Automating your Service Desk without third party apps

Automating Jira Service Desk is critical to ensuring high quality of service for your customers. We will demonstrate advanced automation techniques that do not require any apps from the Marketplace.

Out of the box, Jira provides a few Automation rules such as:

  • Transition on Comment
  • Update when a linked issue changes
  • Flag anonymous request
  • Reopen on comment

But, there are 3 common automation rules that should be added to most service desks:

  1. Notify customer of open tickets waiting for their response
  2. Close out a ticket if there is no long-term response
  3. Remind your team and team lead if a ticket is waiting on them

 

It’s not obvious how to build this out in Jira, and most admins will turn to the extremely powerful and useful Automation for Jira app. This is a great option if you have a need for a powerful automation solution, especially one that extends beyond your Service Desk projects.  However, if your budget is tight, and you have to make do without it, we have a solution for you.

The trick is to understand how to tie SLAs and Automation together effectively. We are going to share out configurations for each of the above rules to help you achieve the same.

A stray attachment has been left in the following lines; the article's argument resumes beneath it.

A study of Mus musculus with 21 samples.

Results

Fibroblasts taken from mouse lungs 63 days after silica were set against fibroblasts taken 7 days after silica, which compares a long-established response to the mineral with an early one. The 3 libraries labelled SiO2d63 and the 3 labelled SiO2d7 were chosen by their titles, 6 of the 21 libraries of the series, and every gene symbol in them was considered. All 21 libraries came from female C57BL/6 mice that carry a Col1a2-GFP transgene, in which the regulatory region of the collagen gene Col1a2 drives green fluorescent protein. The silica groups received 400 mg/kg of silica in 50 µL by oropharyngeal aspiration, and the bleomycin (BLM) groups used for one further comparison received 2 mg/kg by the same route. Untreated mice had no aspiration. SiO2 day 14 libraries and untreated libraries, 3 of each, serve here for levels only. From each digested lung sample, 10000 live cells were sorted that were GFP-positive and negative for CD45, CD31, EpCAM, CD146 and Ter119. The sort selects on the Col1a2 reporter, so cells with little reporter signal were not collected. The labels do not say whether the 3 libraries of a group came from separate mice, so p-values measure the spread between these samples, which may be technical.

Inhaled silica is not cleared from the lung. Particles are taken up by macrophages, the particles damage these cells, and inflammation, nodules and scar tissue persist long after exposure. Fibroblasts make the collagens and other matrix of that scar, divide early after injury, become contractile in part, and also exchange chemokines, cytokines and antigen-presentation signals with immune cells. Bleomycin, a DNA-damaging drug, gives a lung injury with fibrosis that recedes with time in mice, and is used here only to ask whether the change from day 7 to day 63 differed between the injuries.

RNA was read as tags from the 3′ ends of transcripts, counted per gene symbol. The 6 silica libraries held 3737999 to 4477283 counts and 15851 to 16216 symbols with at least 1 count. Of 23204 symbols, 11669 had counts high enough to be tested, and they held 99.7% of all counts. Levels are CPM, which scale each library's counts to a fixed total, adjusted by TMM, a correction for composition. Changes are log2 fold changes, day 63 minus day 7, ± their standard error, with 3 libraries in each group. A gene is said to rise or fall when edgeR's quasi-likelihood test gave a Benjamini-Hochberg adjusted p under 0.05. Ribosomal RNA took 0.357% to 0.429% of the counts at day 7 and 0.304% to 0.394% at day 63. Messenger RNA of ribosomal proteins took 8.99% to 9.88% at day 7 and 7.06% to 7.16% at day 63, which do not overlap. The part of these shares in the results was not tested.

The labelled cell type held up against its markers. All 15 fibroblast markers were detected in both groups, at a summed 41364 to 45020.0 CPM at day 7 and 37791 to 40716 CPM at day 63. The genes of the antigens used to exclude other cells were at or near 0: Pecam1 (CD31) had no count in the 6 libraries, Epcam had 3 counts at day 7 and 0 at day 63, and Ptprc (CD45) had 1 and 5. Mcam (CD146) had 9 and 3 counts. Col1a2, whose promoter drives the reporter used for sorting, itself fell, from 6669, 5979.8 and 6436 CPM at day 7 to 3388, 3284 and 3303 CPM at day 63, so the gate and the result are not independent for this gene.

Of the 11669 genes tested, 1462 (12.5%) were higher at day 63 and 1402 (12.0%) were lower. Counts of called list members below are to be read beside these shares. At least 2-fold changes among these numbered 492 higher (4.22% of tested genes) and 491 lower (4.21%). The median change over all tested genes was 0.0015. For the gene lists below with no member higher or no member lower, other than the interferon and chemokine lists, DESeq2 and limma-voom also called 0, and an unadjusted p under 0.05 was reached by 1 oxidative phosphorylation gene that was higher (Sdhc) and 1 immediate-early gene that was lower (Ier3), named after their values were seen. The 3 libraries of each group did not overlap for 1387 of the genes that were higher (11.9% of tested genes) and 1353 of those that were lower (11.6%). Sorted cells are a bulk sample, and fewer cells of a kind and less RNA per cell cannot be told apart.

Notify customer of open tickets waiting for their response

Step 1. Configure an SLA which tracks the time since a customers response. Set the target based on when you want to follow up with them, in our case that is 3 business days, or 24 hours on a M-F 9-5 calendar. The trick here is to leverage the fact that if the Start condition of an SLA is met, it completely resets the timer. This way, every time it goes back into their hands, this timer will reset.

Step 2. Configure an Automation rule that uses this SLA to remind the customer.

 

 


 Close out a ticket if there is no long term response

Step 1. Configure a second SLA which tracks the time since a customers response. Set the target based on when you want to stop waiting, in our case that is 5 business days, or 40 hours on a M-F 9-5 calendar.

 

Step 2. Configure an Automation rule that uses this SLA to close the ticket.


Remind your team and team lead if a ticket is waiting on them

Step 1. Configure a third SLA which tracks the time since your team sent their last update. Set the target based on what your internal SLAs look like, in our case that is 24 hours. Our public SLA is only M-F 9-5, but we try and respond 24×7 internally.

 

Step 2. Configure an Automation rule that uses this SLA to remind both the internal team, and the team lead.